Liberal Democratic Party leader Vlad Filat (right) at the opening session of parliament on August 28.
CHISINAU -- The man tipped to head Moldova's next government, Vlad Filat, says that any future government of his will adopt austerity measures that allow the country to qualify for a vital International Monetary Fund (IMF) loan, RFE/RL's Moldovan Service reports.

Filat says such a policy rules out a deal with the Communist opposition, which had offered conditional support in ending Moldova's political crisis.

Communist leader Vladimir Voronin, who resigned after a decade as Moldova's president last week, said his party would support the new government's candidate for head of state if the ruling coalition implements generous social policies -- including raising pensions and the salaries of state workers -- and does not pursue NATO membership.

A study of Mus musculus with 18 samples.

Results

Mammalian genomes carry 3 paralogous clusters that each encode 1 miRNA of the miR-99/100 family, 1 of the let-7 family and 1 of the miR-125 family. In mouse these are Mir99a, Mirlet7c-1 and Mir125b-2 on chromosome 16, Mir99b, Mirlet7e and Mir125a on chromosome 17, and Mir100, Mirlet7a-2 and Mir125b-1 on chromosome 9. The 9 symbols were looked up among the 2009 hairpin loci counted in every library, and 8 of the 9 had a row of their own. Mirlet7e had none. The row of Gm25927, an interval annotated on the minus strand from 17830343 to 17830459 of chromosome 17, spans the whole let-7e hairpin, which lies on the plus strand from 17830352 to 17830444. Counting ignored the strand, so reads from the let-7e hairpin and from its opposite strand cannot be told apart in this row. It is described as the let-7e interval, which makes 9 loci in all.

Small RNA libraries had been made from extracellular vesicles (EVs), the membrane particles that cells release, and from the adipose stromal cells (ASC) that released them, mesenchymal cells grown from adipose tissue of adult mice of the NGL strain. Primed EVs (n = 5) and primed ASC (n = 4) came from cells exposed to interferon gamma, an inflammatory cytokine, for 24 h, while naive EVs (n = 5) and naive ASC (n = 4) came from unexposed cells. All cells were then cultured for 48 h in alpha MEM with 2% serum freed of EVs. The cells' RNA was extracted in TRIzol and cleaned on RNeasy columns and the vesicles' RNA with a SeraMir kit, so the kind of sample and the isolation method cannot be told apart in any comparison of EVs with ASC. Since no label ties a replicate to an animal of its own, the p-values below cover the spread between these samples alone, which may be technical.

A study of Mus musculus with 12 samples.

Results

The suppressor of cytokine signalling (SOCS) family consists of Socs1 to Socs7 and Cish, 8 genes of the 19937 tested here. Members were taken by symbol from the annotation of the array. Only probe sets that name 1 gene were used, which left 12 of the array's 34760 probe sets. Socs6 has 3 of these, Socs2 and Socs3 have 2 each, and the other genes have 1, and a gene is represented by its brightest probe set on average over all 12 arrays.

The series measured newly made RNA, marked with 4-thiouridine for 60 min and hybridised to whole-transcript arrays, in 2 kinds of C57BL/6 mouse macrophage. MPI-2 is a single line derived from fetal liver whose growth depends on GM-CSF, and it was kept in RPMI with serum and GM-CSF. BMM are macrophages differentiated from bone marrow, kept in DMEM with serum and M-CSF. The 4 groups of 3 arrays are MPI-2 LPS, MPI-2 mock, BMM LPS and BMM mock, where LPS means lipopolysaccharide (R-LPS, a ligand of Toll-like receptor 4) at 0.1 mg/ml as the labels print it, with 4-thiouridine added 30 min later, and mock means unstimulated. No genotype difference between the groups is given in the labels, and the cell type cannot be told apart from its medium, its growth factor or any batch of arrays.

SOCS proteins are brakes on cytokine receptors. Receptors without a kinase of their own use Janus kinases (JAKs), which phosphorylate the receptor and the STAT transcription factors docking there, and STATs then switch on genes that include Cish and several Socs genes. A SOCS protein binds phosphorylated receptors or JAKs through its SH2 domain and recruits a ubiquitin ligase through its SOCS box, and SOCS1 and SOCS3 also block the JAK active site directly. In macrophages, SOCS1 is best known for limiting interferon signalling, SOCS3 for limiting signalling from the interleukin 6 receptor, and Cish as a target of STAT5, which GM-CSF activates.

Moldovan acting President Mihai Ghimpu told ProTV on September 15 that NATO membership is not on the ruling coalition's agenda.

He also denied plans for a union with neighboring Romania, an EU and NATO member with which Moldova shares a common language and history.

Moldova's new ruling coalition has a majority of seats in parliament but still needs at least eight votes from the Communists in order to elect a new president in a vote that should be held by the end of the month.

If the parliament fails twice to elect a president with a three-fifths majority in the 101-seat chamber, the country will have another round of early elections next year.

Already the poorest country in Europe, Moldova has been hit hard by the global economic downturn.

While president, Voronin secured a pledge of $500 million in assistance from Moscow to help pad the country's treasury.